November 11, 2011
|Members Present||Ex-Officio Present||Guests Present|
|Jonathan Allison||Bill Rayens||Chris Thuringer|
|Ruth Beattie||Mike Shanks||Leah Simpson|
|Derek Lane||Debra Sharp|
1. Minutes from October 28th were approved by lack of objection.
2. Information Items
Rayens described the recent visit to Senate Council by a small contingent of IGEOC members.
Rayens emphasized how supportive the Council has been of IGEOC, but advised that the Council did not feel there was a need for it to make any formal statements publicizing and marketing the Core.
Rayens reminded the Committee that he would be visiting the Senate as part of a December anniversary celebration of IGEOC. The hope is that this time, and communications prior to the visit from the Council Chair, can be used to help remind faculty that the Core belongs to them,
that assessment is critical and worthy, and that upper level course submissions are needed in certain areas.
3. The following courses passed through the consent agenda without objection:
ENG 107 (Arts and Creativity)
ARC 333 (Inq in Natural Sci)
COM 315 (US)
PHI 130 (US)
4. Leah Simpson and Chris Thuringer updated the group on assessment activities. In general, the fall assessment process is going well, with nearly 50% of all artifacts pulled scored. Participants seem to be comfortable with the process, including the computer infrastructure being used for the scoring. It was noted that there might be a call for revision to the “citizenship” rubric, currently being used to score U.S. and Global course artifacts. IGEOC agreed this was a very positive development that illustrated the faculty ownership of the rubrics and welcomed the IGEOC role in facilitating the revisions.
5. Rayens then asked the group if they wanted to offer a formal proposal to amend vetting process, going from outside reviewers to only in-committee reviewers. Dr. Allison suggested, and it was widely agreed that in-committee reviews were fine in certain circumstances, but it was fairer and more appropriate to keep the review process currently sanctioned by the Senate Council.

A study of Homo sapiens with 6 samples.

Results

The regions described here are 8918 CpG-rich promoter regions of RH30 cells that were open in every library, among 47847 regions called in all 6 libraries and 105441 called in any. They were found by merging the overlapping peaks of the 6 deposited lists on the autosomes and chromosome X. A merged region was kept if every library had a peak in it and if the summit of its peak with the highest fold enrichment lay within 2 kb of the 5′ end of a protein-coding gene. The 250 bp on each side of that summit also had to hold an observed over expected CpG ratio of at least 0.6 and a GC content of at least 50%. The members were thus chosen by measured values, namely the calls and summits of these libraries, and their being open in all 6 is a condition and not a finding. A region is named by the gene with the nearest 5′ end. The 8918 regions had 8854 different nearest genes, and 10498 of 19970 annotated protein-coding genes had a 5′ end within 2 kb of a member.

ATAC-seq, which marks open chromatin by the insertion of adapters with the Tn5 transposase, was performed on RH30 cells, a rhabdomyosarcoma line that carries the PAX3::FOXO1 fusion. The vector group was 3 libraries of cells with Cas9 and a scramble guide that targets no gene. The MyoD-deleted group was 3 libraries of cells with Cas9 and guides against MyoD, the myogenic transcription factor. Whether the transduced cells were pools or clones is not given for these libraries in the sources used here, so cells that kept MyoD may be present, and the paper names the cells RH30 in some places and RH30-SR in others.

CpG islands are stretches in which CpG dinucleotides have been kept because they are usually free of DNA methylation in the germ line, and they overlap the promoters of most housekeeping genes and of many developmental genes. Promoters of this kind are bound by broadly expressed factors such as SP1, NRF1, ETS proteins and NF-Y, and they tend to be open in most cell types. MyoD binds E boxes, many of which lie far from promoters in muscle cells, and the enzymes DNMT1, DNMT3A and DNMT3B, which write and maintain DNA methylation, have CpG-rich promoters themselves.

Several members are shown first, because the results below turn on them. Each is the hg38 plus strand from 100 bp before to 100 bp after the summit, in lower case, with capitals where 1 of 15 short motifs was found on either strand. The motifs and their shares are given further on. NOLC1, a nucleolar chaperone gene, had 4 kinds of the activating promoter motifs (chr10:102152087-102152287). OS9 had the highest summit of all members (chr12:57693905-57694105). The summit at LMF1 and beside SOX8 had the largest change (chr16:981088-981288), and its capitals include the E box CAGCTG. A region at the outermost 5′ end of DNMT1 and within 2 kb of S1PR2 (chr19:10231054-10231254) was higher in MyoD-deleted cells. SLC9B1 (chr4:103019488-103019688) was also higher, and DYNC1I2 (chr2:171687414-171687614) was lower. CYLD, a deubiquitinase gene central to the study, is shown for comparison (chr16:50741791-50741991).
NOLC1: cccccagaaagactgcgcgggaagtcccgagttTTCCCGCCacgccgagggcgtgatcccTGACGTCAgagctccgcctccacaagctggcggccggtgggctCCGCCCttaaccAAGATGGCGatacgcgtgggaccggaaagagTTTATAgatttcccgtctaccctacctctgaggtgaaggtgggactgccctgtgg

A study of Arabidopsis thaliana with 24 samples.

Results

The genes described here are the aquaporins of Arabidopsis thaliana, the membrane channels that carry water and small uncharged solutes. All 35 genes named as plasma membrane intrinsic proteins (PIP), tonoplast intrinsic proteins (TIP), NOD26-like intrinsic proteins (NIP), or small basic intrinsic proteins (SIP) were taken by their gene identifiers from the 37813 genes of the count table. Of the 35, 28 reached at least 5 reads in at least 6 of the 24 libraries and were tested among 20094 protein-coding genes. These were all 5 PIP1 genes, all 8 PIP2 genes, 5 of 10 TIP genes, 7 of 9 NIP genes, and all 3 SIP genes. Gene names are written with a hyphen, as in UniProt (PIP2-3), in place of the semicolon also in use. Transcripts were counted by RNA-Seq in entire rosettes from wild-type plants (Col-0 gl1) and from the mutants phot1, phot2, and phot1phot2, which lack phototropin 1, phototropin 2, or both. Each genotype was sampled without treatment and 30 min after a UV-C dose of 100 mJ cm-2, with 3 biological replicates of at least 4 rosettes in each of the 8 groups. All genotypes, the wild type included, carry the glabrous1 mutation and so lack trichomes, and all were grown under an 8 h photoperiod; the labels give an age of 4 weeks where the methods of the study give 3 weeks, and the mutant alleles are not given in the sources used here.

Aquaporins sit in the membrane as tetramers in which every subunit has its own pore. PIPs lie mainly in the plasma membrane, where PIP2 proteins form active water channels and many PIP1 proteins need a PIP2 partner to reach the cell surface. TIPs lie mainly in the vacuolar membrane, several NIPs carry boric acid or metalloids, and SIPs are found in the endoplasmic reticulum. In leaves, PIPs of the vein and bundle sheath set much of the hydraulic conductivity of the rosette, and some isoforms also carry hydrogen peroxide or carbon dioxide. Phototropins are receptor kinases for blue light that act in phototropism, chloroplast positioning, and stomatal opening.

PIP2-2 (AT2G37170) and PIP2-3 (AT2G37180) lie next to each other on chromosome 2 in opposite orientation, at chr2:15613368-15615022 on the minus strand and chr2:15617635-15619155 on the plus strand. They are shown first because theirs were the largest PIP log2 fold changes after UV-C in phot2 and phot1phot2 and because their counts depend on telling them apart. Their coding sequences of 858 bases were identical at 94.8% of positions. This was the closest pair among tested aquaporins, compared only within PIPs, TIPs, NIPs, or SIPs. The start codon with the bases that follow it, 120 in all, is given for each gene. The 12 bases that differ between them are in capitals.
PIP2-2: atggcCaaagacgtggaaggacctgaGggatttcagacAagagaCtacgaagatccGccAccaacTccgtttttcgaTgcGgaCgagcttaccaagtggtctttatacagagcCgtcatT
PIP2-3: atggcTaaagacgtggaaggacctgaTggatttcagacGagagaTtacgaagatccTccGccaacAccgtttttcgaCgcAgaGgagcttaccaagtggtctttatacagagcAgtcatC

6. A discussion of IGEOC and transient students supplanted Honors Courses as the next agenda item and a very intense, informative discussion ensued. Important to that discussion was.
a) Dr. Jensen made the important point that IGEOC has already weighed in on this issue when the proposal for a transfer committee was penned. See Minutes from September 30, 2011.
b) Rayens acknowledged this important point but tried to clarify that the language of that document and that discussion (leading to the September 30th agreement) was language for transfers, not transients. See below, quoted from the proposal that was approved:
Non-GETA Transfers: Students transferring from out of state, or from in state private institutions would not fall under the GETA guidelines (“non-GETA” students). This is potentially the most difficult category that the Exceptions Subcommittee will have to deal with. IGEOC proposes the following for courses being transferred by such students …
c) It was not clear if IGEOC intended this to be a policy for transients as well as transfers.
d) Mike Shanks corrected Rayens with respect to some misunderstandings that Rayens had with respect to GETA and non-GETA students, but Rayens continued to press for clarification on transients. Rayens and Dr. Beattie spoke to the need for this clarification from the perspective of DUS. Rayens also pointed out that the Council on Post-Secondary Education had offered the opinion that each University had the right to have their own transient policy.
e) Dr. Jensen pointed out that it is the faculty purview to manage the curriculum and not to manage the students and how and where they decide to take courses while enrolled at U.K. IGEOC was generally in agreement with that sentiment.
f) Some members had to leave before noon, but in the end it became clear that what everyone was calling for was a clear and unambiguous statement about how the University wants to handle transient students, one that is driven by a vision of what is fair to students and at the same time protects as much as reasonable the integrity of the Core. IGEOC wanted that policy to be driven by a coherent and informed vision and not just by the inability of our registration system to distinguish transfers from transients. Members suggested at the very end of the meeting that this was the something that either the CPE or perhaps the President and Provost would need to speak clearly on.
g) Mike Shanks raised a critical point about advising that the Committee wanted recorded: Advisors need to be trained in how to explain and promote UKCore. This may include helping students recognize what they lose when they (by choice or circumstance) take courses outside the university.
7. The meeting had adjourned before the important topic of Honor courses and the Core could be discussed. An informal discussion on this topic continued but cannot be taken as a reflection of any official opinion on the part of IGEOC since most members had left by that time.